Sick of Low-Carb Diets? Try Low-GI
Glycemic Index of Food Affects Body Fat, Muscle Loss, and Diabetes Risk
Aug. 26, 2004 -- You've heard how people can shed pounds on those controversial but popular low-carb diets. So how do rodents, those treasured laboratory test animals used to predict human results, eat their way to less body fat and better health?
By having plenty of carbohydrates, as long as they're low in their glycemic value.
This glycemic index (GI) indicates how much and how quickly blood sugar will increase after eating a carbohydrate-containing food. High-GI foods cause higher and more sudden spikes in blood sugar and have been linked to an increased risk of obesity and diabetes. Low-GI foods cause lower, slower rises in blood sugar. These foods have been associated with lower body fat and lower weight.
A low-glycemic diet plan differs from a low-carb one in that it encourages eating many types of carbohydrates initially forbidden in diets such as Atkins or South Beach. These include fruits, legumes, and grain products like bread, pasta, and cereals.
In new research published in this week's The Lancet, Harvard scientists add to evidence on just how effective a carb-centric, low-GI diet can be. So what's different about this study?
Rats Offer Evidence Humans Haven't
"There have been nearly 100 studies suggesting beneficial effects of a low glycemic diet, but no health organization in the U.S. officially recognizes their role," says researcher David S. Ludwig, MD, PhD, director of the obesity program at Children's Hospital in Boston. "That's because these studies are often criticized because it's difficult to separate effects of GI index in foods from those of other things that go along with it, like fiber. You can't keep humans keep locked up for a year, controlling everything about their diets."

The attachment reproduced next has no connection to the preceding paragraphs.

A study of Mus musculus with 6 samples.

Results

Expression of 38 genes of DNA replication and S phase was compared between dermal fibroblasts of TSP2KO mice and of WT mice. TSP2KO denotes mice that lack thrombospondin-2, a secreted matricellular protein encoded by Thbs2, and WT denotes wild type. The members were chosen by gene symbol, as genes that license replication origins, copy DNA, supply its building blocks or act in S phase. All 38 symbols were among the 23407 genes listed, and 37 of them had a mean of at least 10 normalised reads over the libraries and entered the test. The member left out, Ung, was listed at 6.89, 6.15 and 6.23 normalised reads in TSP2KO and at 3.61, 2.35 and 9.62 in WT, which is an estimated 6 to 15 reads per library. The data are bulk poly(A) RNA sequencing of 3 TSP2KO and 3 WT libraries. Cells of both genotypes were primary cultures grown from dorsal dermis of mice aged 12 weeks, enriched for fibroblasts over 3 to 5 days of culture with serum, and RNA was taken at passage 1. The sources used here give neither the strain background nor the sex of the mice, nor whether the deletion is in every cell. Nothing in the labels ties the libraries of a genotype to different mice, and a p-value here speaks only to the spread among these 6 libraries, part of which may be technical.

But you can do this with caged rodents, so his team fed two groups of rats and mice -- both with identical weights at the study's start -- a diet comprised of nearly 70% carbohydrates that was identical in every way but one.
"They consumed exactly the same [amounts of] protein, fats, carbohydrates, and fiber -- and we went even further by feeding them in a way to keep their body weights identical," Ludwig says. "They only difference was the type of [carbohydrate] they received, one with either a low- or high-glycemic index."
"The animals on the high-GI diet were gaining more weight with same amount of food, and we had to cut their food back increasingly over time to keep them at the same weight," he tells WebMD.
"But what was really interesting to us was that even though they maintained the same weight because they got less food, the high-GI group in both rats and mice doubled their body fat and had a reduction ... in muscle mass, which is exactly what you don't want.
"They also had increases in their blood sugars, insulin, lipids, and other disease risk factors, and their pancreas beta cells that make insulin looked like they were going through a scarring process. If continued, that suggests a high likelihood of getting diabetes."
When his team switched the diets midway through the study, and those high-GI-eating rodents were given the low-GI diets, these adverse changes reversed. Meanwhile, the rodents switched from the low- to the high-GI diets started to have the same problems with added body fat, less muscle mass, and signs of impending diabetes.